Why Are There So Many Chinese Anime Co-Productions These Days?

by Justin Sevakis,

Wayland asks:

Recently, which is roughly a year ago, I've noticed that some Chinese web novels and manhuas have been adapted into animations that are co-produced with Japanese Companies. Examples include: Spirit Blade Mountain (Reikenzan: Goshikuzu-tachi no Utage), Hotori no Shita: the outcast, Gin no Guardian, and The King's Avatar (Quan Zhi Gao Shou). What do you think has spurred this cooperation between these companies, despite their countries of original being historically hostile to each other? And can these still be considered "anime" as this term is usually what we use to define Japanese Animations?

There are a lot of anime these days that adapt Chinese stories, and are partially funded or produced by Chinese companies. Bloodivores, Soul Buster, Hitori no Shita the outcast, the forthcoming RoboMasters: The Animated Series, and quite a few others -- usually a handful of shows every season -- are coming at least partially from China.

It's no secret that China is an economy flush with money these days. Many different industries, including Hollywood and other entertainment businesses, have spent the last five or so years actively trying to court Chinese investment. And as for the anime business, it's enjoying a windfall of revenues for licensing new shows to Chinese mobile and internet content companies like Tencent. The huge boost in anime revenues coming from overseas in the last few years hasn't just been coming from Crunchyroll, Amazon and Netflix. In fact, over half of those gains have been coming from China.

This might come as a surprise to Western anime fans, but in China there are several major legal streaming services -- Youku, bilibili are the best known -- that pay top dollar for streaming rights. It wasn't just Funimation and Crunchyroll pushing licensing fees up, but these companies as well.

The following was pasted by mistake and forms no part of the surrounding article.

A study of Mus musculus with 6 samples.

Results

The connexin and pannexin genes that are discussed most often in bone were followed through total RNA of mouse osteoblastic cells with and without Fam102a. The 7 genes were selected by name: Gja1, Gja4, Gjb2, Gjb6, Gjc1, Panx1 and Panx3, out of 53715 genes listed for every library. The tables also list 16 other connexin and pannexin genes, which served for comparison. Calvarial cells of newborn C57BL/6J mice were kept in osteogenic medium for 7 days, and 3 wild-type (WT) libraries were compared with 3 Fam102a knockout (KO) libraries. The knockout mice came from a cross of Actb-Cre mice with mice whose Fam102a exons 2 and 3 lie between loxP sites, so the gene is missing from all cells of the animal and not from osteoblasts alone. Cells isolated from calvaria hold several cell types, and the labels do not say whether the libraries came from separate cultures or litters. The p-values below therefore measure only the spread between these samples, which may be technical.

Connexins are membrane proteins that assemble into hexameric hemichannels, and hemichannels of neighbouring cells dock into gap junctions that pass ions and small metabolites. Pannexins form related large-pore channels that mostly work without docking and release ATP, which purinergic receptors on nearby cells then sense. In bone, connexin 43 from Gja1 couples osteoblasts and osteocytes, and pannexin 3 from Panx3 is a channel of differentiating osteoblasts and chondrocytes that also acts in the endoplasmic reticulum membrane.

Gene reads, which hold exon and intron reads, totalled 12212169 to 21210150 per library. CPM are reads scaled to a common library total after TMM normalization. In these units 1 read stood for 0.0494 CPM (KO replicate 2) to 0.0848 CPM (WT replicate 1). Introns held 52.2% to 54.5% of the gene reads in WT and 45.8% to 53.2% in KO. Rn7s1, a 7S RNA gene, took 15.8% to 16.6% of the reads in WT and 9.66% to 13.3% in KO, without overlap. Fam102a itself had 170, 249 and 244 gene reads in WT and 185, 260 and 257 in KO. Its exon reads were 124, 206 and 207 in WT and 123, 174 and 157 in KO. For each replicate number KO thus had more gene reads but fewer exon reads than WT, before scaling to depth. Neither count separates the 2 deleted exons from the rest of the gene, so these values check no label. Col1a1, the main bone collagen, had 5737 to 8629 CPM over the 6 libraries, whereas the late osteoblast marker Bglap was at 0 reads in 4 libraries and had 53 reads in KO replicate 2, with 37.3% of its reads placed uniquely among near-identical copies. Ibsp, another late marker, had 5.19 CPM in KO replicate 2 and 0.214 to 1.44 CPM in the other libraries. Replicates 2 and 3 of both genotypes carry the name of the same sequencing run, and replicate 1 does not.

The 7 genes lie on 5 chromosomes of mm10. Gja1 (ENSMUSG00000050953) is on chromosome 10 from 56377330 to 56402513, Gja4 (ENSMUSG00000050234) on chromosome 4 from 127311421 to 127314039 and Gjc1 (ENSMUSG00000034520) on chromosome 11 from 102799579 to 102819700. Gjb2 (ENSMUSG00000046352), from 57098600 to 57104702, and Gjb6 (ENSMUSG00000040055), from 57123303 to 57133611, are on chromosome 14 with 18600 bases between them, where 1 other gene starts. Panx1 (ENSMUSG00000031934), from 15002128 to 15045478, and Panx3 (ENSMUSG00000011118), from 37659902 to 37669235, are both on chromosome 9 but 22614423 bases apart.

But, like everyone else in the high stakes world of content licensing, they got stuck paying top dollar for shows that under performed. So in the last few years those companies have been less interested in simulcasting everything Japan normally would've produced for themselves, and more interested in developing their own anime properties. After all, China has different tastes from Japan, and many of those shows aren't exactly to Chinese tastes. And the giant corporations behind these sites have the money to try to address that.

So Chinese media and publishing giant Tencent has been trying to drive more of the sort of content that Chinese fans want by developing local media into anime, and sponsoring those anime's production. Of course, just because they're made with Chinese audiences in mind doesn't mean that other audiences won't want them. Japan is still doing the design and planning, and they're still producing the shows in Japanese. Crunchyroll ends up streaming them outside of Asia most of the time.

While there hasn't been a ton of Sino-Japanese co-production anime in the past, they're not unprecedented. The animated version of Tsui Hark's Chinese Ghost Story was animated by Triangle Staff back in the 90s, and was released Stateside by Viz. There may have been others that I'm unaware of.

I can't tell you where to draw the arbitrary line in the sand as to whether co-productions should be considered anime or not. But I expect that there will be many more co-productions, with more countries than just China, in the very near future.